Making Standards Useful in the Classroom

by Robert J. Marzano and Mark W. Haystead, ASCD, Alexandria, Va., 2008, 290 pp., $30.95 softcover

Identifying what we want students to know and do, making instructional decisions to guarantee each child does learn and documenting learning is the backbone of education these days. With national and state standards, one would think a streamlined, consistent and effective education would be the natural result.

Alas, it is not necessarily so.

Making Standards Useful in the Classroom


Divided into two parts, Making Standards Useful in the Classroom lays the groundwork to make sense of the stand-ards, to make them useful in instruction and to provide students with the viable and guaranteed curriculum each child deserves.

In Part I, the authors present guidelines for designing a system of instructional topics to be taught and measured. They recommend 20 or fewer topics per subject area per grade level be measured. They also advocate for the inclusion of life skills.

Rather than relying on the construction of common assessments, the authors suggest the use of common items and tasks for each topic. Over time, classroom teachers can design formative assessments to measure the achievement on the tasks.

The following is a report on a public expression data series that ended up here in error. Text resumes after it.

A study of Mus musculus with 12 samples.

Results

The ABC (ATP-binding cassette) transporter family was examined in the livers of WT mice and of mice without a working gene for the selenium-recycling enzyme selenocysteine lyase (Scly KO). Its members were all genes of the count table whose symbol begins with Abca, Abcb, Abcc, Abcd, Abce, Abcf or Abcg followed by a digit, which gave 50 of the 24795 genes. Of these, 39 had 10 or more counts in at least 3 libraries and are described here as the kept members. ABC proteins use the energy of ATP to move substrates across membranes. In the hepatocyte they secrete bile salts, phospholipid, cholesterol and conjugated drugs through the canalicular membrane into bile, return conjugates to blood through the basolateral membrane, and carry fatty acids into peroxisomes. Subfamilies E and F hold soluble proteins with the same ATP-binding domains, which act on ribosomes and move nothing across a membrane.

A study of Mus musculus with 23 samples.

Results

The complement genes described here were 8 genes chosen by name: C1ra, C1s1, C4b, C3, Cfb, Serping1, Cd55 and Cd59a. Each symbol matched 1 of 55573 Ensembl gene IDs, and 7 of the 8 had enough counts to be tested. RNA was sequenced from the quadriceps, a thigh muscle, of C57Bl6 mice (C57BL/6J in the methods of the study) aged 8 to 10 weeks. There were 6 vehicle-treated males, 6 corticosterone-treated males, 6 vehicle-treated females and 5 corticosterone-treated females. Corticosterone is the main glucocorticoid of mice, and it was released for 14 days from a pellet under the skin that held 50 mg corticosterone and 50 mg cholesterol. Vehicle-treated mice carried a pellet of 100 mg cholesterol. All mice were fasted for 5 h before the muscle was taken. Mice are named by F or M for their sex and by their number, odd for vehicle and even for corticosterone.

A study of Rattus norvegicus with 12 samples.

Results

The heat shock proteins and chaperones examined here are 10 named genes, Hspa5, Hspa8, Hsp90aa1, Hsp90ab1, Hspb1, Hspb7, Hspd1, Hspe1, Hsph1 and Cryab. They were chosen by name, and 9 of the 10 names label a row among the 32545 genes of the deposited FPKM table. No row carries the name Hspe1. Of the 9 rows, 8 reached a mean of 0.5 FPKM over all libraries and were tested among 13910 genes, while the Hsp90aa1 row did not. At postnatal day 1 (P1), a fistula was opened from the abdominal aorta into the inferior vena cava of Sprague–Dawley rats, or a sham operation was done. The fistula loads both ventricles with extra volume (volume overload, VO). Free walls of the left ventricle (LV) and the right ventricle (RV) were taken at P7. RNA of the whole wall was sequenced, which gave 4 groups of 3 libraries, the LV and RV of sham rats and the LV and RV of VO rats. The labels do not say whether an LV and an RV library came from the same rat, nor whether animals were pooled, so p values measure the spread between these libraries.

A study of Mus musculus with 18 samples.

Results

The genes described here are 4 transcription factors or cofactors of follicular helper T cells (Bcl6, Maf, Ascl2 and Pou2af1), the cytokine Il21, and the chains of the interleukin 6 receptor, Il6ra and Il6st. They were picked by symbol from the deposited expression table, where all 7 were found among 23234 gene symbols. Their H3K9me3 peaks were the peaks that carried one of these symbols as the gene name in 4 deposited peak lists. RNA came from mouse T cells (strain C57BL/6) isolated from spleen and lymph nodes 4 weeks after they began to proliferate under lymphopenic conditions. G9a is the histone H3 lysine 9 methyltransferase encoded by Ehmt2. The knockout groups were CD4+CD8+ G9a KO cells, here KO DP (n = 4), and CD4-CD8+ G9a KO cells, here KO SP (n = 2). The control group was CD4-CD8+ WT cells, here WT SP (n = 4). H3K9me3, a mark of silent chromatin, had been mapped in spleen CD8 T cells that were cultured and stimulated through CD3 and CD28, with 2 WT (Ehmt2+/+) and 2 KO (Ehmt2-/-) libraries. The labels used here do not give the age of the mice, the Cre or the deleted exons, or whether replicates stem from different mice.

Part II provides sample scoring scales for developmentally appropriate content for students in kindergarten through grade 8.

As with other works by Marzano that translate research into practice, a senior researcher with Mid-continent Research for Education and Learning, Making Standards Useful in the Classroom is extremely helpful in advancing our understanding of what a viable curriculum for each student in elementary and secondary education looks like.

Reviewed by Linda Gray Smith, superintendent, Chillicothe RII School District, Chillicothe, Mo.